Despite being called "Little Italy," this neighbourhood is actually a mix of Portuguese, Latino, and Vietnamese residents, along with Italian. In fact, Little Italy is considered one of the city's most multi-cultural communities. That said, the Italian roots of the neighbourhood still have a heavy influence on the area that can be seen through the community's constant stream of festivals, Easter processions, and World Cup celebrations. The eclectic mix of residents in this neighbourhoodare proud to call it home and thoroughly enjoy being within an easy walk of some of the city's best cafes, restaurants, bars, bakeries, and clothing shops. Little Italy is hands-down one of the most bustling and popular neighbourhoods in Toronto.
Little Italy is bordered by College Street to the north, Dundas Street West to the south, Bathurst Street to the east, and Ossington Avenue to the west.
The majority of residences in Little Italy are Victorian-type semi-detached and row houses perched along mature tree-lined streets, particularly along Crawford between College and Dundas Streets. Garages are mainly at the back of the homes along laneways. More upscale homes can be found along Palmerston north of College Street and Dovercourt. Homes in the area tend to be decked out with meticulously-manicured lawns and welcoming front porches.
The price of real estate in Little Italy has skyrocketed over the recent past, largely as a result of a lack of inventory in the area and the sizzling market in Toronto as a whole. That said, there may be a deal to be had for homes that need TLC, though even these tend to be snatched up pretty quickly in bidding wars.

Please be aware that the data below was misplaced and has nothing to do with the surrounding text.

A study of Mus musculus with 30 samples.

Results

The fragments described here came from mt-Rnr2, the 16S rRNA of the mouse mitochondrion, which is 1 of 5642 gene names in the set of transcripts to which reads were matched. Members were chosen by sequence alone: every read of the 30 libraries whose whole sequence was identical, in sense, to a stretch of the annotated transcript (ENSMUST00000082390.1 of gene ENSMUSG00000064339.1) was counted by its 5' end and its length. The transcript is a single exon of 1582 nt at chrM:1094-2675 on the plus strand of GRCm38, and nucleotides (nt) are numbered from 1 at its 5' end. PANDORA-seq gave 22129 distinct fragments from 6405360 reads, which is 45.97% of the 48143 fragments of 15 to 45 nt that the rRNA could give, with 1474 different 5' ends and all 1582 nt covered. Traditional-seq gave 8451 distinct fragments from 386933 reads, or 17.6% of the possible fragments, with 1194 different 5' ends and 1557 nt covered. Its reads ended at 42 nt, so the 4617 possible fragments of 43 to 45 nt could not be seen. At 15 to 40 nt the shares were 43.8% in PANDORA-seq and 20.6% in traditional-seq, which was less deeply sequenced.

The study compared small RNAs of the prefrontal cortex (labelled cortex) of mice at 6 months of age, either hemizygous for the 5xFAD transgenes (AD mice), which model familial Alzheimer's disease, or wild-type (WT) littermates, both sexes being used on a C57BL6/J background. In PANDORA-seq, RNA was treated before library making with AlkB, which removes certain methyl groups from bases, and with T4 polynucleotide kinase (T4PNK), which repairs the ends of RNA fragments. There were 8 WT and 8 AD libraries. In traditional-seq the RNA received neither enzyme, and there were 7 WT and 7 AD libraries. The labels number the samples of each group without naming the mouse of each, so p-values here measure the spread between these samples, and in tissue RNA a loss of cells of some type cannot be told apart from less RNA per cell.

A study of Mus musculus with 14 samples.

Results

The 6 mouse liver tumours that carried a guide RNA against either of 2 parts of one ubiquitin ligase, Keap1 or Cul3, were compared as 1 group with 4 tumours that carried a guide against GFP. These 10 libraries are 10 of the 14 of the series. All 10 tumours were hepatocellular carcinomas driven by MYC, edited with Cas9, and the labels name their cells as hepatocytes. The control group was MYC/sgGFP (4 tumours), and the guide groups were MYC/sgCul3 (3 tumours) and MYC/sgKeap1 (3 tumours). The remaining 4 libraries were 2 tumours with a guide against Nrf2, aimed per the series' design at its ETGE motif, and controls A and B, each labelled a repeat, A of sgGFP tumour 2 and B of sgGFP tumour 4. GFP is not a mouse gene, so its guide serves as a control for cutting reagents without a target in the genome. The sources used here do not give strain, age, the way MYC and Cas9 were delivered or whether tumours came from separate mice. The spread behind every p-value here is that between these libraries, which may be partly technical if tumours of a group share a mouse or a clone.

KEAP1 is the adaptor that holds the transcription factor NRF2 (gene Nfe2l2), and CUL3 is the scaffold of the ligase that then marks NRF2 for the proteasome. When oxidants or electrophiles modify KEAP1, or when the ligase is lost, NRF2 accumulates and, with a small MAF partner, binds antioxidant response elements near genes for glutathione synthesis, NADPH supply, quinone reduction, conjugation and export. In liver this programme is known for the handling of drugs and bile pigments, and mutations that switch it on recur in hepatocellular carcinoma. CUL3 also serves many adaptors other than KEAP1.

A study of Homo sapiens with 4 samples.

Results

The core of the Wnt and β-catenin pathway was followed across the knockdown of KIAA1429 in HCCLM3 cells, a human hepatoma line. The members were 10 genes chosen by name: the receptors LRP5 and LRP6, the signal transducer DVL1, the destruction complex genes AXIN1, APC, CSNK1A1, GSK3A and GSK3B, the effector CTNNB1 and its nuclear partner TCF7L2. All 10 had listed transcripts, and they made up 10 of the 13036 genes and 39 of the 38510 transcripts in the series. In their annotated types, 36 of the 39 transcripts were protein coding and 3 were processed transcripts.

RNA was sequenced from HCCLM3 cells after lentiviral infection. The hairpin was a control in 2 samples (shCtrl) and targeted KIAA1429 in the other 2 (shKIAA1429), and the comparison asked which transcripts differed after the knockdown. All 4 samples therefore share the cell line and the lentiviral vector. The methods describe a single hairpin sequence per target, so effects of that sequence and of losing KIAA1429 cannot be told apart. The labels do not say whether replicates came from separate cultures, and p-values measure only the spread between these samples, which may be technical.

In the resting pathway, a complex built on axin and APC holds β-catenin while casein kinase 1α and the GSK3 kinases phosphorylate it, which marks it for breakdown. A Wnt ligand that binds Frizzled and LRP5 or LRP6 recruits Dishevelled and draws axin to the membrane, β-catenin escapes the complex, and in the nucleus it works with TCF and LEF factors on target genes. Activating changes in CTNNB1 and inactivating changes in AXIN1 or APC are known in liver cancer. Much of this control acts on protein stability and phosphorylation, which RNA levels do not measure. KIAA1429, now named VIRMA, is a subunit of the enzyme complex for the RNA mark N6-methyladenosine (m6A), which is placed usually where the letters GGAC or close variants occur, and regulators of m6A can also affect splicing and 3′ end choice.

There have also been a few low- and mid-rise condominium buildings built in the area recently, giving people a more affordable option to plant some roots in this highly sought-after neighbourhood of Toronto.
Lifestyle & Recreation
Little Italy is easily one of the most vibrant neighbourhoods in all of Toronto. The action is non-stop throughout the week, and intensifies on Friday and Saturday nights as each one of the cafes and bars in the area are filled to the brim with locals and visitors.
With a plethora of shops and eateries, there's no shortage of things to do in Little Italy. The main drag along College Street - between Shaw Street and Euclid Avenue - is the highlight of the area, with some of the most authentic Italian fare and European-inspired fashions found along this stretch. Residents can pick up their daily groceries at any number of produce markets and bakeries in Portuguese Village along Dundas Street.
For the active type, Little Italy offers a local YMCA at 931 College Street, which features a gym, pool, and community meeting rooms. At 722 College Street is the First Portuguese Canadian Cultural Centre, which offers meeting rooms, lecture halls, a games room, bar, and restaurant. The centre has recently been expanded and renovated.
Families with school-aged children can send their kids to a few different schools in and around the area, including Ossington Old Orchard Public School, Brock Public School, and St. Luke Catholic School.
Buses and streetcars are frequent in Little Italy, moving passengers to and from the neighbourhood with ease. Residents can hop on buses along Ossington Avenue, as well as streetcars along College Street, Bathurst Street, and Dundas Street.
Commuters travelling by vehicle can access Lakeshore Boulevard and the Gardiner Expressway within a few short minutes.